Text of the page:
Topic - Humane Society Of The United States


    Animal groups agree to pay nearly $16M to Ringling

    The parent company of the Ringling Bros. and Barnum & Bailey Circus has received a nearly $16 million settlement from a number of animal-rights groups, including the Humane Society of the United States, ending a 14-year legal battle initiated over unproven allegations of mistreated elephants.

  • FILE - In this March 2, 2014 file photo, James Cromwell arrives at the 24th Night of 100 Stars Oscars Viewing Gala at The Beverly Hills Hotel in Beverly Hills, Calif. Cromwell will receive a lifetime achievement award from the Humane Society of the United States on Saturday, March 29, 2014, in Beverly Hills, Calif. "He's been a friend to the HSUS and to animals for decades. He is somebody who has used his fame and platform for farm animal protection, animals used and abused in labs, horses who are used for horse racing, you name it, if an animal is in trouble, he is there," said Michelle Cho of the HSUS. (Photo by Annie I. Bang /Invision/AP, file)

    Humane Society fetes actor James Cromwell at gala

    In 1954, the Humane Society of the United States was founded with borrowed money by a small group of people who wanted to protect animals, end slaughterhouse abuse and stop overbreeding.

  • 9 arrested in Andalusia cockfighting probe

    A cockfighting raid in Andalusia led to the discovery of dead roosters and the arrest of nine people.

  • LETTER TO THE EDITOR: King farm bill amendment has support

    Laura Sesana's piece, "The King amendment to the farm bill threatens states' rights" (Web, Sept. 28) reads as if it were authored by the Humane Society of the United States (HSUS). It is clear in reading the column that many of the "facts" about my amendment come directly from the anti-meat organization. Ms. Sesana even links to their website.

  • Poultry farmer Barry Jones gathers eggs from some of his 700 hens in Franksville, Wis., that he sells at farmers markets during the summer.

    COGGIN: Cracking Big Egg

    There's a new dish that's been crafted in several Hill offices: the Congressional Omelet. It's a fairly simple recipe — scramble a bunch of eggs and mix them with a hefty helping of bureaucratic molasses.

  • Animal rights goes corporate

    The president of an organization leading the fight against cramped cages for pregnant pigs said Tuesday that he is seeking a spot on Tyson Food Inc.'s board of directors to put more pressure on the nation's second-largest pork processor to abandon the crates.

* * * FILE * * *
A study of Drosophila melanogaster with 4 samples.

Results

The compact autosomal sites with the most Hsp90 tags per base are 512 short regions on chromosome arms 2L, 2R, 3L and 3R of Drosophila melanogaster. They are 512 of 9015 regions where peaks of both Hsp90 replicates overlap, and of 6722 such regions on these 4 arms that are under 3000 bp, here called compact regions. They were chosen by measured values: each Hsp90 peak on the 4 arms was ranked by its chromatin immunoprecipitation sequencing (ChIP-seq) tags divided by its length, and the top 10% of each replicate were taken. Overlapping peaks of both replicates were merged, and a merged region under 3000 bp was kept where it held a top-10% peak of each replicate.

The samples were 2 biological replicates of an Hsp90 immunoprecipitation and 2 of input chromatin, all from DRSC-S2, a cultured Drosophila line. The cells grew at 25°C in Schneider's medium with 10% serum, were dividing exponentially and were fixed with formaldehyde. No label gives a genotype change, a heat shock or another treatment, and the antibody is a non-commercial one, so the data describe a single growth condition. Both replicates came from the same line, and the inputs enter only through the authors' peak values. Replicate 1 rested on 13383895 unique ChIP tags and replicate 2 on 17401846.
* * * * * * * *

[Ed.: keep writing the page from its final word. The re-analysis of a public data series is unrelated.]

• **FILE** Patrons enjoy a meal at a Burger King in Springfield, Ill., on Aug. 24, 2010. (Associated Press)

    Burger King makes cage-free promise

    The movement by U.S. food corporations toward more humane treatment of animals experienced a whopper of a shift Wednesday when Burger King announced that all of its eggs and pork will come from cage-free chickens and pigs by 2017.

  • The Washington Times

    BERMAN: Conscripting contributions - at a cost

    Who is Joseph Kony? Thanks to a 30-minute YouTube video that went viral, 78 million people (as of this writing) recently learned that he's the leader of the People's Liberation Army in Uganda and is an internationally wanted man for his role in child-soldier conscription. In other words, he's not a nice fellow.

  • LETTER TO THE EDITOR: Humane Society fighting to end cruelty

    Contrary to the premise of a recently published article ("Help a puppy, not a lobby," Commentary, Nov. 9), the Humane Society of the United States (HSUS) operates life-saving programs that help animals in all 50 states and several dozen countries. Animal shelters are the backbone of the humane movement, and people should support them generously.

  • Illustration: Animal rights by Alexander Hunter for The Washington Times

    STENHOLM: Wrong approach to animal rights

    Earlier this month, Rep. James P. Moran united with a retired game-show host and a foreign-based animal rights group to introduce legislation that, if passed, would mean not just the end of our cotton-candy memories of the three-ring circus but also the elimination of hundreds of jobs in Mr. Moran's district and thousands more jobs around the country in numerous cities and states. This unnecessary and misguided legislation is being pushed in the name of an extreme animal rights agenda at the expense of jobs all over this country.

  • Illustration: Give by John Camejo for The Washington Times

    CULP: Help a puppy, not a lobby

    Despite the economic downturn, people are thankfully still giving to charity. Charitable giving rose 2 percent last year. The bad news is that donations to animal charities remained flat. Especially in these difficult times, donors are rightfully concerned about how to get the most bang for their buck. Having worked in the national animal welfare arena for more than 30 years, I've learned the best way to help animals is to avoid the slick national TV appeals for money and to give to local pet shelters.